One major building management company is just saying "no" to smoking in all of their rental buildings across the country. NY1's Jill Urban filed the following report.
We've seen it in a few buildings here and there, but now one major management company is officially extinguishing smoking in all it’s rental buildings.
"All of Related’s 40,000 apartments around the country are now going to be smoke-free," says Related Management President Jeff Brodsky. "It's a tremendous opportunity for us to take advantage of the scale we offer and to give something to the residents that are looking for the quality of life and wellness commitments that we offer."
Yes, Related Companies has announced it's going smoke-free in all of its rental units nationwide. Brodsky says the company has spent billions on LEED certified new construction and feels this is the next step in offering green living to tenants.
"We believe that a smoke-free environment is actually the most significant indoor air quality commitment you can make to establish sustainable best practices in an apartment community," notes Brodsky.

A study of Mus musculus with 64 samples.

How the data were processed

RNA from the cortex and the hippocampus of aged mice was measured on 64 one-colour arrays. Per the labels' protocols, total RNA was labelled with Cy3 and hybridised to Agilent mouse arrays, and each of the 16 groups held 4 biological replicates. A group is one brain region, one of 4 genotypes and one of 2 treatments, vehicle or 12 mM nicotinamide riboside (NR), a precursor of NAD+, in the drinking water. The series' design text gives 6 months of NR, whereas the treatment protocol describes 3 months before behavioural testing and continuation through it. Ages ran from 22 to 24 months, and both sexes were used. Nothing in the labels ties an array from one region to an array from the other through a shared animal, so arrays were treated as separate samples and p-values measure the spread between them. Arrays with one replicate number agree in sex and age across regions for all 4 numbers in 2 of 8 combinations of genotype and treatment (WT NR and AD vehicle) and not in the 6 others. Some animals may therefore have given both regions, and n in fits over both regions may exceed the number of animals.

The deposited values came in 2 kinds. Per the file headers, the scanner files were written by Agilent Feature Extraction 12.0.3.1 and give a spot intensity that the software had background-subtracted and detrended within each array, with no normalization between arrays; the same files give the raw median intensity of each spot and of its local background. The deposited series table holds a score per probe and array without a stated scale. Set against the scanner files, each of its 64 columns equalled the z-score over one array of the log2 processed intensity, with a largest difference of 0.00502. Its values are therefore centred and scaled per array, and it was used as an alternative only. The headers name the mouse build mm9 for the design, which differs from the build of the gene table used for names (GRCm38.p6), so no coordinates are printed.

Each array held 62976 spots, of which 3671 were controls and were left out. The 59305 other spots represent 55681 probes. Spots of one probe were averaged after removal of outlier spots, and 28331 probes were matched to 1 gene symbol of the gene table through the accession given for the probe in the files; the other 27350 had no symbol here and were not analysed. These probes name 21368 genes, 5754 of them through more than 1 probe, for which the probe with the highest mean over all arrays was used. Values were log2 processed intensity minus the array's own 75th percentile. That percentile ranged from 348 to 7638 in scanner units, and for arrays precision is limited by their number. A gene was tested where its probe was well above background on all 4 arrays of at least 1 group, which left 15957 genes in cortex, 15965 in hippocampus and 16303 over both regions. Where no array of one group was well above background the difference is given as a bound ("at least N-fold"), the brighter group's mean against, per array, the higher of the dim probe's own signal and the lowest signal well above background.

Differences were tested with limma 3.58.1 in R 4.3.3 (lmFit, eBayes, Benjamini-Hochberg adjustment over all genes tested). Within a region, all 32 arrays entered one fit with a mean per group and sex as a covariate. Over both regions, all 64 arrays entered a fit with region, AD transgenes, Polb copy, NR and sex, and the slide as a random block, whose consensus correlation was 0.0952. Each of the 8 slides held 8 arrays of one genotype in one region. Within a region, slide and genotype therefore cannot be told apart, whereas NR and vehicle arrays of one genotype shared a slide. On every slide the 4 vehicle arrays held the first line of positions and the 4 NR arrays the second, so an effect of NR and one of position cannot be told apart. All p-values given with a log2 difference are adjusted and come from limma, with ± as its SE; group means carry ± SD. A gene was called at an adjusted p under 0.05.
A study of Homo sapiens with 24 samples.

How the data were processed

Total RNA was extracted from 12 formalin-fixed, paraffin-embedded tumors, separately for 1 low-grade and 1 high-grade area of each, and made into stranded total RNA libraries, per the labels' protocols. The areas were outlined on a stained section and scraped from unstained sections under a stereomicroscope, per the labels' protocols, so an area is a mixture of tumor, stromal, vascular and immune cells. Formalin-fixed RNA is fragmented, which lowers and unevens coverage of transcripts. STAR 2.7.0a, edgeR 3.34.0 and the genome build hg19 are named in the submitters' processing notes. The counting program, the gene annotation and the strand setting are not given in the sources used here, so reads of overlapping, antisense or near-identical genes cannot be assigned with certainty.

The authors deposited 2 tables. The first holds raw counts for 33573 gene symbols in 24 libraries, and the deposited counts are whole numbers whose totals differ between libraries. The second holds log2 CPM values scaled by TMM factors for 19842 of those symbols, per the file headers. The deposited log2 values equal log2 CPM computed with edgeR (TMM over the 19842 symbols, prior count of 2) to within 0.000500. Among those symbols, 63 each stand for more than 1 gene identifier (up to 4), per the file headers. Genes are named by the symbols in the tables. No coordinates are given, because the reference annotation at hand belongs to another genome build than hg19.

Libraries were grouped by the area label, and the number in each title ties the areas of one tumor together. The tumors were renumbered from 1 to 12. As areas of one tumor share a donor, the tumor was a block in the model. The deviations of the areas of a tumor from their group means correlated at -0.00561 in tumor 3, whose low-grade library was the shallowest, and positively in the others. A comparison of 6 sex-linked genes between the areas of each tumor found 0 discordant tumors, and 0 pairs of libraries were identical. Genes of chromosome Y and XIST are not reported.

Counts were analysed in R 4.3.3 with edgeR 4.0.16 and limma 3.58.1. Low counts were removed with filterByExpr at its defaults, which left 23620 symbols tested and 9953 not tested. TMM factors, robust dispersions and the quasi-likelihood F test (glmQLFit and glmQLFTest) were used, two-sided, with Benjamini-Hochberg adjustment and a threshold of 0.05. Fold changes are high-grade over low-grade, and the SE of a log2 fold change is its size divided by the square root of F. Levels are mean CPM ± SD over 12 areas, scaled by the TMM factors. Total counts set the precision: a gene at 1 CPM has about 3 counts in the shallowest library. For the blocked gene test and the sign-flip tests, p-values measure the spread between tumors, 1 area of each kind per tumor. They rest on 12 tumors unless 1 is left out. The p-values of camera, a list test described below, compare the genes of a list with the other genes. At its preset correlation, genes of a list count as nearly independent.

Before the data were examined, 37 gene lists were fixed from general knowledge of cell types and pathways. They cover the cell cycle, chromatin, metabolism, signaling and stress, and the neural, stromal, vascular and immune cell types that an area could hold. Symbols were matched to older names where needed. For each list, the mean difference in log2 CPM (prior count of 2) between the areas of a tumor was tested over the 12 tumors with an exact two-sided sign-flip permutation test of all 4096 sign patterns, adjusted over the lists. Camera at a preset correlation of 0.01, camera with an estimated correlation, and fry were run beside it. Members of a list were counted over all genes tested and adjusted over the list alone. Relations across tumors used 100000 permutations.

The new policy has already been implemented and all new leases will include a no smoking rider. Current residents are being asked to sign one immediately and if they choose not to, it will be included in their lease renewal.
This is something that may not sit well with some smokers who say it’s an invasion of privacy to limit what they do in their homes.
"I absolutely respect the privacy issues and it is a very specific challenge for us. If I could keep everything inside the apartment it wouldn't be an issue for us. However, smoke does migrate and it's very similar to noise. You will ultimately compromise the quality of life for the people who are your neighbors," says Brodsky.
Smoking bans have been a hot button issue recently as many buildings have started to implement them. But Related is the first major player to call a company-wide ban.
Jhoanna Robledo, a contributing editor at New York Magazine, says it will be interesting to see if this sets a new trend.
"I think it remains to be seen if other landlords follow suit," says Robledo. "Certainly it’s a way to distinguish yourself in the marketplace. Those who want to live in a building where there is absolutely no smoking will go to these types of rentals. Those who do want the option or smoke themselves will go elsewhere probably."
And if they choose to stay they will have to take their smoking outside.